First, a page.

My grandma was a wise old soul, took me by the hand not long ago
Said, “Son what’s your hurry? Boy, slow it down
Taste the wild honey, listen to the sound
of the wind that’s blowin’ through the trees, rivers flowin’ to the sea…
Life’s for livin’, child, can’t you see?”
These are the days that we’ll remember
These are the times that won’t come again
The highest of flames becomes an ember
And you gotta live ’em while you can
So take ’em by the hand, they’re yours and mine
Take ’em by the hand and live your life
Take ’em by the hand and don’t let them all fly by
—These Are the Days by Keith Urban
We had a reminder of the brevity of life last week.
My kids play in a band called New Horizons through their music school. It is a national organization, dedicated to providing the opportunity for people who have always dreamed of playing an instrument to make that dream a reality. Most participants are 55+, but exceptions have been made for Josh and Julia. Their experiences have been invaluable and the people involved are absolutely wonderful.
The sad and unwelcome news came on Tuesday that one of the band members had died suddenly. Her named was Lyndel and she was only 54 years old.
Just the week before, the band had played a lakefront concert on a beautiful summer evening. Lyndel’s ever-present smile was captured on photos as she played her French horn.
She had no way of knowing that would be her last concert.
One of her mourners made this comment: “Lyndel was always a giver of light. Her beautiful smile, her kind words, her laughter always brought brightness to every situation.”
Another said, “My heart dropped when I heard you were gone. Even though its been many years since I knew you, I remember that you were always kind to a geeky freshman. May God hold you always in the palm of His hand.”
Hers was obviously a life very well lived. I especially loved that an act of kindness to this self-described “geeky freshman” was remembered nearly 40 decades later. Our lives have the potential to powerfully influence those around us. Let’s take every opportunity to speak words of life.
On Friday night, my family and I were visiting with friends at their lakefront home. One of our friends stopped by after Lyndel’s memorial and told us about the service. She related that although there were certainly sadness and tears, there was also much laughter as Lyndel’s friends and family shared funny stories from her life.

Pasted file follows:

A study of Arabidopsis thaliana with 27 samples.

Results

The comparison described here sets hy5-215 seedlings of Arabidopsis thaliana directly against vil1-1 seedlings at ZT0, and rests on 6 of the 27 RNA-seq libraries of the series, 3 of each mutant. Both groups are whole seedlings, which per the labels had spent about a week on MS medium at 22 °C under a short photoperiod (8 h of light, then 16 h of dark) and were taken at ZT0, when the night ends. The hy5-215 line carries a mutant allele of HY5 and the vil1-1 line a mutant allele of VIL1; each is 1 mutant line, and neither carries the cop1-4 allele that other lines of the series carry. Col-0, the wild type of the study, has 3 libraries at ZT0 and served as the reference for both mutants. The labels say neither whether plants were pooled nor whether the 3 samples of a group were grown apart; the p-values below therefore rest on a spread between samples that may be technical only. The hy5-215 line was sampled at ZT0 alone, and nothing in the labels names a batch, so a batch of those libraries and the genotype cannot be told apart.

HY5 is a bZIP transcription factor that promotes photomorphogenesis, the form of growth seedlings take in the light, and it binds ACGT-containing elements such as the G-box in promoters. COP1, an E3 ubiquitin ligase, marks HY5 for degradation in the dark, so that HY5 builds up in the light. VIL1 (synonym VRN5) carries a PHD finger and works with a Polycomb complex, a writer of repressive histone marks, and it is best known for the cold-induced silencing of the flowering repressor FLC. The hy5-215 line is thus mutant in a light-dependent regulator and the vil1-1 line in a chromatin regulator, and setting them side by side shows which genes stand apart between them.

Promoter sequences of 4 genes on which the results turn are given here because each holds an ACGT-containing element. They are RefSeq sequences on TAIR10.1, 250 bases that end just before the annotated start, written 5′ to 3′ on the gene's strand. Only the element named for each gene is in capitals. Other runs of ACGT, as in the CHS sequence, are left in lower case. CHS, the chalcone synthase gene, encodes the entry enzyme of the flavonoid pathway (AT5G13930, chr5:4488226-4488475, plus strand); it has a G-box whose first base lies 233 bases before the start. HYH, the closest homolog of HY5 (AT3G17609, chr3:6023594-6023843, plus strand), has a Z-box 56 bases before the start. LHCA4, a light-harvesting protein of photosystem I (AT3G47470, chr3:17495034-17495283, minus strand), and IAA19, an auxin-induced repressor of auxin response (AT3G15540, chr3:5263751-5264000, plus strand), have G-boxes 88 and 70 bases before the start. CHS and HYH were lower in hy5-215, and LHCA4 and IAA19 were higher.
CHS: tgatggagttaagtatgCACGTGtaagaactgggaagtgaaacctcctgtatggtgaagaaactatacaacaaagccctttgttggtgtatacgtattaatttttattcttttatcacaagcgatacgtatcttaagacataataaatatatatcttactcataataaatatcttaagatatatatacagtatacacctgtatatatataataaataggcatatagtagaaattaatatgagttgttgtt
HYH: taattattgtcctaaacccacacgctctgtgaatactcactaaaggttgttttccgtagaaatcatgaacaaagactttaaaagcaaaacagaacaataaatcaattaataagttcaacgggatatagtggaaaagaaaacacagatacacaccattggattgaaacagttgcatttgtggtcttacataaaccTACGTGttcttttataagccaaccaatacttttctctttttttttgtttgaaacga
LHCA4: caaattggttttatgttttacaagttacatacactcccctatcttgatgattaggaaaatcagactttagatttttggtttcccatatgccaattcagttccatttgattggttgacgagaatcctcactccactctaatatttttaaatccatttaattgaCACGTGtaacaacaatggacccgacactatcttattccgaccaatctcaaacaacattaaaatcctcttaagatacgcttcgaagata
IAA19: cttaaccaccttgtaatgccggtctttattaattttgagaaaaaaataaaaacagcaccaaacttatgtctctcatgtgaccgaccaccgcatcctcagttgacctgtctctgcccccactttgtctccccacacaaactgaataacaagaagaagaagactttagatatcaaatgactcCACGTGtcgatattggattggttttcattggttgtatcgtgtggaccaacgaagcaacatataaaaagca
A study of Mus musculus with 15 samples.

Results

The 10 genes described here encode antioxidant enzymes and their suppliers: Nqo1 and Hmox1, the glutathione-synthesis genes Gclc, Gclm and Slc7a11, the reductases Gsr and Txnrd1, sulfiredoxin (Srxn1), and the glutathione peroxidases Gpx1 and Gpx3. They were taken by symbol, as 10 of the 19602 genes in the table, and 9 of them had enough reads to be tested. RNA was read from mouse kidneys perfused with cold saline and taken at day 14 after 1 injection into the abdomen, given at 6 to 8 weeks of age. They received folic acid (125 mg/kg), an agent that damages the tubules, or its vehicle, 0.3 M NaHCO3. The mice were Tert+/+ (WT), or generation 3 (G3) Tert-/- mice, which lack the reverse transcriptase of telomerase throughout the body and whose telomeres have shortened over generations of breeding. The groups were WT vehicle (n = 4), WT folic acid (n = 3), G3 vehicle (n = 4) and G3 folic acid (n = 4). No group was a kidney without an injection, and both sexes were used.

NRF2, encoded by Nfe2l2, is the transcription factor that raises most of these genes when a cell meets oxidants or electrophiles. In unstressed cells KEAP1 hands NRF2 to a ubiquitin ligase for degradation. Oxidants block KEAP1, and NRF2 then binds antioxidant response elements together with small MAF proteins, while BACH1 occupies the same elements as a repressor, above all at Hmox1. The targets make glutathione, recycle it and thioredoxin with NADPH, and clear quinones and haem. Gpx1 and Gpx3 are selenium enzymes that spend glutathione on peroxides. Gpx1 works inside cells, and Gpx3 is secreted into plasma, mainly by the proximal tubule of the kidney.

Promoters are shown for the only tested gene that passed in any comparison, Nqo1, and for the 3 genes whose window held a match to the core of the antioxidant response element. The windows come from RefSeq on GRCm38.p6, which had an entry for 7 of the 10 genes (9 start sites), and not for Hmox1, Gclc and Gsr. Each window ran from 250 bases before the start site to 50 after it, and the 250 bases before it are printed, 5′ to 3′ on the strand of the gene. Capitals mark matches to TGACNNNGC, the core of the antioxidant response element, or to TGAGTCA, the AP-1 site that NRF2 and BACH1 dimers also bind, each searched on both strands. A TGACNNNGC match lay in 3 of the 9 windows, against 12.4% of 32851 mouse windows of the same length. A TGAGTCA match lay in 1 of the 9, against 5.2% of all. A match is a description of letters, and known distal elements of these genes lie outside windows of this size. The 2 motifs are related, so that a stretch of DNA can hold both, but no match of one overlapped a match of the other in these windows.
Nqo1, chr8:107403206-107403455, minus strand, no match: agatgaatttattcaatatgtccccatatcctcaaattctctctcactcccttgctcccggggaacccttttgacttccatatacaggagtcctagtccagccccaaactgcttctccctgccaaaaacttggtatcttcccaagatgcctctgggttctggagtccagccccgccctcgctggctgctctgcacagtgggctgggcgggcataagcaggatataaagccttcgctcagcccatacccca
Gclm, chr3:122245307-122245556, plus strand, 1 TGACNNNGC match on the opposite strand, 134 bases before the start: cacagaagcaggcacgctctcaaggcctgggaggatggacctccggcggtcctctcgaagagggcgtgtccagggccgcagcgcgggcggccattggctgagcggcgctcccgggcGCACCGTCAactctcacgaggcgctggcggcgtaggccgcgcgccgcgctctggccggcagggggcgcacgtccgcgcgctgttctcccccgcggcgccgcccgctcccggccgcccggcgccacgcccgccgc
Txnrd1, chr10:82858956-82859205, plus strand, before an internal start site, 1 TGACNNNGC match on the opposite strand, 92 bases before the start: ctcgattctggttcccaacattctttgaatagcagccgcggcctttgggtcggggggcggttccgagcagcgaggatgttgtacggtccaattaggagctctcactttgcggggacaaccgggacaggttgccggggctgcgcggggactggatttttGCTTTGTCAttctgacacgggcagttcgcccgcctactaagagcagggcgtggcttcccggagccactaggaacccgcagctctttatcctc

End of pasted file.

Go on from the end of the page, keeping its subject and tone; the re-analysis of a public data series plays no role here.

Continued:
As I sat around the table, surrounded by friends and the sound of the summer rain falling outside, I was reminded anew of life’s fragility.
I became fully present to the moment. My eyes lingered on each face…fellow travelers who are all on a pilgrimage to Jesus. We attend the same church and do life together. We share laughter (lots of laughter 🙂 ), heartache, struggles, victories, and stories.
Our children…most of whom are teenagers…could be seen in the next room playing video games, talking, and eating burgers and chips. Fresh faces, full of hope and promise and life. Outbursts of laughter and silliness were frequent.
An ordinary Friday night…and yet not.
There are no ordinary days.
Each day is precious. There will never be another one like it. We dare not take a single second for granted.
Early tomorrow morning, my family and I are headed back to my hometown for a visit. I will treasure every moment.. I will fully enter in to each day. I will leave no kind word of appreciation or admiration unsaid. I will laugh. I will fully relax with those who have known me my entire life. I will most likely gain five pounds as we eat at all our favorite places…and it will all be worth it. I will revel in being back “home” for a little while…where memories fill my mind and heart at nearly every turn.
But most importantly, I will celebrate the dear ones who have graced my life in such rich ways.
These are the days that I’ll remember.